The Archbishop awards the Rt Revd Dr Wolfgang Huber the Nikaean Cross

Thursday 10th September 2009

The Nikæan Club's Annual Dinner welcomed 126 members and guests in The Great Hall at Lambeth Palace. The Archbishop of Canterbury welcomed Bishop Wolfgang Huber as Guest of Honour. Following the speeches, (available below), the Archbishop presented Bishop Huber, Chairman of the Council of the Evangelical Church in Germany, with The Nikæan Cross for services to ecumenism.

Transcript of the Archbishop's Speech:

Reverend Fathers, Brothers, Sisters, Ladies and Gentlemen. It's a great pleasure to welcome you here this evening for another very joyful and very special occasion for the Nikæan Club. I'm sure that you would like me to thank on your behalf all those who have prepared and served our meal this evening. I think we've been very well looked after.

I feel that I should also thank the librarian and the staff of the Lambeth Palace Library for allowing us into this 'sacred' library space this evening. I know that they're always a little bit apprehensive that we're going to throw food at the books, but I can always assure them that the Nikæan Club is generally fairly well behaved at least, until this stage in the evening.

It's a particular pleasure to welcome Bishop Huber and Frau Huber as our guests tonight. Bishop Huber has had a very, very distinguished career indeed in the Evangelical Church in Germany, both as a scholar and researcher, and as a bishop and a church leader, and now holding the senior episcopal position in the Evangelical Church in Germany (EKD).

Bishop Huber has contributed memorably and effectively to theological debate in general: to debate on public and ethical questions in particular, not only in Germany but in the whole European context. And (as I can testify with great warmth of feeling) he has been a faithful friend to the Church of England and has furthered the relationship created through the Meissen Agreement with great enthusiasm and great commitment.

I have the happiest of memories of the time when we jointly chaired the meeting of the theological section of the Meissen commission in Berlin some years ago as part of the commemoration of the centenary of Dietrich Bonhoeffer. Bonhoeffer's work has been a focus for Bishop Huber's enthusiasm and research for many years and it's been one of those areas where we've found a great deal of common ground and common appreciation.

It's sometimes said with, sadly, a degree of truth that certainly in the last couple of hundred years the Church of England has not taken its Reformed partners on the Continent of Europe with the seriousness they deserve. It has developed its own varieties of Reformed Protestantism and has sometimes found that its most natural partner in dialogue is the Roman Catholic Church.

And yet, if we look back to our independent Anglican origins the sense of belonging to a conversation among what was sometimes wonderfully called 'the best reformed churches' was very much part of the Anglican identity in the early decades after the Reformation. Facing as we do, highly complex and rapidly changing societies, and facing them as Churches deeply rooted in and involved in the political lives of our nations. It's more than ever important that the German Church and the Church of England develop not only a sympathetic and intelligent mutual understanding, but a capacity to speak together in the European context on many of the issues of the age. We've been speaking over dinner about some of those issues: about the issues of bio-ethics, about issues of economic ethics. All those issues that press so hard upon all of us. And I know that we share a concern that the churches in Europe; Catholic and Reformed, should together help Europe itself to form a sense of its moral identity and it's moral vocation so that the European Union becomes something just a little bit more than a financial convenience.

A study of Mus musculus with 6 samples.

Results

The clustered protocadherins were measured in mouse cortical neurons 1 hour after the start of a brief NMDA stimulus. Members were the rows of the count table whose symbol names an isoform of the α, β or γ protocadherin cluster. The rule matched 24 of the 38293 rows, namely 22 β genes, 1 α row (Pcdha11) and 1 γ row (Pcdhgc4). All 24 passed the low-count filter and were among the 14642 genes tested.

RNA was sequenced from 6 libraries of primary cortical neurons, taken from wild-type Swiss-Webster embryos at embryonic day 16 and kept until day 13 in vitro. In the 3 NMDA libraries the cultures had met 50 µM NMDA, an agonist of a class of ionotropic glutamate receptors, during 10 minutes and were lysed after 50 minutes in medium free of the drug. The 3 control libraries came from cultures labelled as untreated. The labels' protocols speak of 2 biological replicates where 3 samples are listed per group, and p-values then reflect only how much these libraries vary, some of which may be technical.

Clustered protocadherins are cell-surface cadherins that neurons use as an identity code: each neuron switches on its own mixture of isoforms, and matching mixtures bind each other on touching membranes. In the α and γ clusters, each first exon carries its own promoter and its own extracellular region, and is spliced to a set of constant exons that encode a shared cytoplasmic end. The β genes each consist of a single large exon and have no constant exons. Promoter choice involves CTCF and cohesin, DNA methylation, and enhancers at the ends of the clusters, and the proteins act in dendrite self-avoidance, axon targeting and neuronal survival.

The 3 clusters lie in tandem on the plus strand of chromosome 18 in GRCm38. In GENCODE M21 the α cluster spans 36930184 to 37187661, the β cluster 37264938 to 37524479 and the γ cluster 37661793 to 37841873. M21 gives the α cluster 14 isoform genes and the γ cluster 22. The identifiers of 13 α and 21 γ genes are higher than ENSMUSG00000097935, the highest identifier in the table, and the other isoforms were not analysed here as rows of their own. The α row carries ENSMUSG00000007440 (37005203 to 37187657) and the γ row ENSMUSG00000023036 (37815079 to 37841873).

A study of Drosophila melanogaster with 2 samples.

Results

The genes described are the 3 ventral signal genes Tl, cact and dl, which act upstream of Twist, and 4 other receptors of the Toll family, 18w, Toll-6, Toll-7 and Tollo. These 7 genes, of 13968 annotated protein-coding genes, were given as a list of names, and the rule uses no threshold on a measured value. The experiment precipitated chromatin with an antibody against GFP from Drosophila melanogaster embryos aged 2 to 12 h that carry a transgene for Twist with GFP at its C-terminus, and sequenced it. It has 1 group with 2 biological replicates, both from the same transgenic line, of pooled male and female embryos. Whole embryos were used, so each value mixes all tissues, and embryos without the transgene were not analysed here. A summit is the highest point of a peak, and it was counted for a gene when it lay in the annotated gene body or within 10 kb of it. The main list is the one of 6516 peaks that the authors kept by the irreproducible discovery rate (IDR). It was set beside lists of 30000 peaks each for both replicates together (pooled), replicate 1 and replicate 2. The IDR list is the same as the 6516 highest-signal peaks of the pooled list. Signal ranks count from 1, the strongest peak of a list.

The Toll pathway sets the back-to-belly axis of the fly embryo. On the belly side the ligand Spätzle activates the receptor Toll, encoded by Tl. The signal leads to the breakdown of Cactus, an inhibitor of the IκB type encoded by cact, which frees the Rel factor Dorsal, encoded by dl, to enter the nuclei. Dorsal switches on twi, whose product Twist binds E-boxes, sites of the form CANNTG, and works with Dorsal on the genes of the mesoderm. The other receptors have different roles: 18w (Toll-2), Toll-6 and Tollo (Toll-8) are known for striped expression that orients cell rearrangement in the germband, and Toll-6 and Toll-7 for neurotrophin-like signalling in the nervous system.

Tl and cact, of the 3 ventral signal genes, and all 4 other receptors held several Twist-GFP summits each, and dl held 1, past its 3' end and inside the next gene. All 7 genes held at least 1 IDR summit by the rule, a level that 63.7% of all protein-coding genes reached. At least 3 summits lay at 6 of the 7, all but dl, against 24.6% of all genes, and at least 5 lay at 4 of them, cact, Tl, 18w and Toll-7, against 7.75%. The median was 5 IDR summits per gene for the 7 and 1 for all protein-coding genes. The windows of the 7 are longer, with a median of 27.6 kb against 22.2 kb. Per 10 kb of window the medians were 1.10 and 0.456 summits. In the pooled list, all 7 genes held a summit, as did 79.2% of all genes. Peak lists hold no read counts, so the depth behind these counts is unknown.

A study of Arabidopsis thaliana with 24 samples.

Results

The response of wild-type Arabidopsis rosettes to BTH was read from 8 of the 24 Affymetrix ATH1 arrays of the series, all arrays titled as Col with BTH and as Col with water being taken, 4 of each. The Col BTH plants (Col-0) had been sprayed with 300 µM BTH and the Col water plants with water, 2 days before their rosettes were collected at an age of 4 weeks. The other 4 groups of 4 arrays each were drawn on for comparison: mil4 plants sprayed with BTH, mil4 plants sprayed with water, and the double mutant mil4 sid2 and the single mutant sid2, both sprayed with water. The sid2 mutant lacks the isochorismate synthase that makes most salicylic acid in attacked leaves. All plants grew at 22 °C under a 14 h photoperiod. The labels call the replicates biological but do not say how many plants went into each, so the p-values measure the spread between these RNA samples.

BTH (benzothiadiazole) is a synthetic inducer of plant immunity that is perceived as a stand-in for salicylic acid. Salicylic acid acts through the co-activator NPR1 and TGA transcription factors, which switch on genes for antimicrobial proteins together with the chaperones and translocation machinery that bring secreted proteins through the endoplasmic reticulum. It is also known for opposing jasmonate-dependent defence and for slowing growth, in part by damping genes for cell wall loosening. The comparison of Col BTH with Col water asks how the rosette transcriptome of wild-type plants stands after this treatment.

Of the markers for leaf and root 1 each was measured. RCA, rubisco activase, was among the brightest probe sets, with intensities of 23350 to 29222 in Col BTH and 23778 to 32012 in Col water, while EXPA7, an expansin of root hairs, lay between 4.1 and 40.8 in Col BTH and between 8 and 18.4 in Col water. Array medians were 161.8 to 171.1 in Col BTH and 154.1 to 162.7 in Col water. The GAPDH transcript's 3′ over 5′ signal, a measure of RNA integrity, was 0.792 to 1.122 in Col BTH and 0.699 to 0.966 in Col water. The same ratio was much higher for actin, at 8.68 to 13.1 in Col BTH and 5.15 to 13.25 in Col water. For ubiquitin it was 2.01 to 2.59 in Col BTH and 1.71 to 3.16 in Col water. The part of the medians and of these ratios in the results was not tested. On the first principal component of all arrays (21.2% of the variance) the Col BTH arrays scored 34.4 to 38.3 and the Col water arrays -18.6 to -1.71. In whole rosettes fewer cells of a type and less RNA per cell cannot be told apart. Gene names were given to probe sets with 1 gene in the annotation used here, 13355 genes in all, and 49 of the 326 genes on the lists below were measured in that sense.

The Euro is no doubt a very important institution but in and of itself it doesn't create that shared moral vision. So the Meissen Agreement has in the years past, been an opportunity to share experience between the English and the German churches, to share our perspectives and our vision, and to share something of what we believe we have to contribute to the on-going conversation about the identity and the future of Europe itself, in a world of instability and violence and injustice.

In the post-war period our nations have grown together in any number of ways. We have, by the grace of God, been enabled in Europe to think about what reconciliation might concretely mean. We have something to share with the wider world, and that is why it is important that this particular conversation with our German brothers and sisters should continue, and be the focus of our energy and our commitment.  It's why I'm truly delighted to welcome you tonight, Wolfgang, in our midst as a valued friend and colleague, and to invite you to address us.